The trusted source for
healthcare information and
Prove that thousands of dollars were saved
'Dollars talk,' especially in today's economy
Getting more involved in workers' comp is your "chance to show cost savings to upper management," says Moniaree Parker Jones, RN, MSN, COHN-S, CCM, formerly a senior occupational health nurse in the Alabama/Mississippi regional office of State Farm Insurance Co.
"The occupational health nurse, after all, is probably the one person most familiar with the worker's health. This fact alone makes all the difference in worker care," says Jones. "He or she is also the best resource for objective case management."
Although you save the company money every day — sometimes significant amounts — you might fail to "put it on paper and show it to the right people," says Jones. "This one area of documentation could save jobs, possibly even the occupational health nurse's job. It is time nurses become better at documenting what they do. Otherwise it may go unnoticed or someone else will take the credit."
Worker becomes pain-free
Jones recalls a case involving a man who had sliced off the tip of his finger in an on-the-job accident. "He had seen the company orthopedist and reached Maximum Medical Improvement, as far as his employer and orthopedist were concerned," says Jones. "The problem was, he could hardly turn the pages of a book without pain. I decided to have this man see a plastic surgeon for a second opinion."
The plastic surgeon felt that the exposed nerve endings were causing the man's pain, which would require a skin graft over the tip of the injured finger. The surgery was performed, and the man's finger became pain-free.
"This allowed him to return to his previous job and live a life not of modified duty or one with constant pain," says Jones. "This one case management action saved the company the loss of a good employee, as well as multiple payments for lost work time wages from the inability to do his trained job. The company did not have to spend thousands of dollars training another individual."
Most of the time, your skills are not known to management, says Jones. "Many employers really don't have an adequate understanding of what we truly are capable of doing for the company," she says. "Dollars talk, and even more so in today's economy."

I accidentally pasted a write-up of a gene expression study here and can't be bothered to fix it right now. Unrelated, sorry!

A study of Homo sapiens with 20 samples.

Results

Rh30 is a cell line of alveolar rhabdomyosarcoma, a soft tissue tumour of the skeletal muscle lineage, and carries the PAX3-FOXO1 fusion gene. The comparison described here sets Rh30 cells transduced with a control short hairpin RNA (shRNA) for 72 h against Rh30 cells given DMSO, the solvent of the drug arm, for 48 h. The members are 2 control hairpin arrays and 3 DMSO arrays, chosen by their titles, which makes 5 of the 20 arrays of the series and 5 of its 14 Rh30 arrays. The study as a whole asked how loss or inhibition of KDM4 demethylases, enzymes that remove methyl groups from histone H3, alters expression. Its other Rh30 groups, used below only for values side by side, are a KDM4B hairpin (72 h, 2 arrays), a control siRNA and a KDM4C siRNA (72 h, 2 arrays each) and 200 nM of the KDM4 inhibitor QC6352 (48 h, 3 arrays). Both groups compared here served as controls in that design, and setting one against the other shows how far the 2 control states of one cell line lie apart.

To demonstrate cost savings, Jones recommends:
• Track the number of employees coming to you for care.
If employees would have required a physician visit without occupational health services, compute this cost savings, says Jones.
• Act as the case manager for injured workers.
"Ensure that the company provides cost-effective occupational case management for the employee," says Jones.
She recommends negotiating prices for care such as functional capacity evaluations, durable medical equipment, and therapy. Compare these prices to regular rates, and take credit for the cost savings, Jones advises.
• Work with the physician and employer to get the employee back to work or modified duty.
Calculate the number of lost time days saved, as a result of your understanding the medical condition and jobs available for modification purposes. "We know that prompt referrals also save on return-to-work time," says Jones.
• Show "before and after" results for programs.
Jones once created a report showing the decrease in heat stroke or heat exhaustion cases due to offering employees fruit, energy electrolyte drinks, or popsicles during the summer. "The reduction showed the program should continue and was of benefit," she says.
• Confidentially inform management of critical issues.
Employees often feel comfortable speaking to the occupational health nurse or physician because they know the information is confidential, says Jones, and this dialogue sometimes can result in cost savings.
"I remember an anonymous employee reporting that marijuana was being smoked on the night shift on the top deck of a chemical plant," she says. "This valuable information led to drug screening at night and the avoidance of a potential nightmare."
Include information like this in your reports to management. "Just because a report is not expected does not mean you cannot create a memo to the right people summarizing the month or year's events regarding the department," says Jones.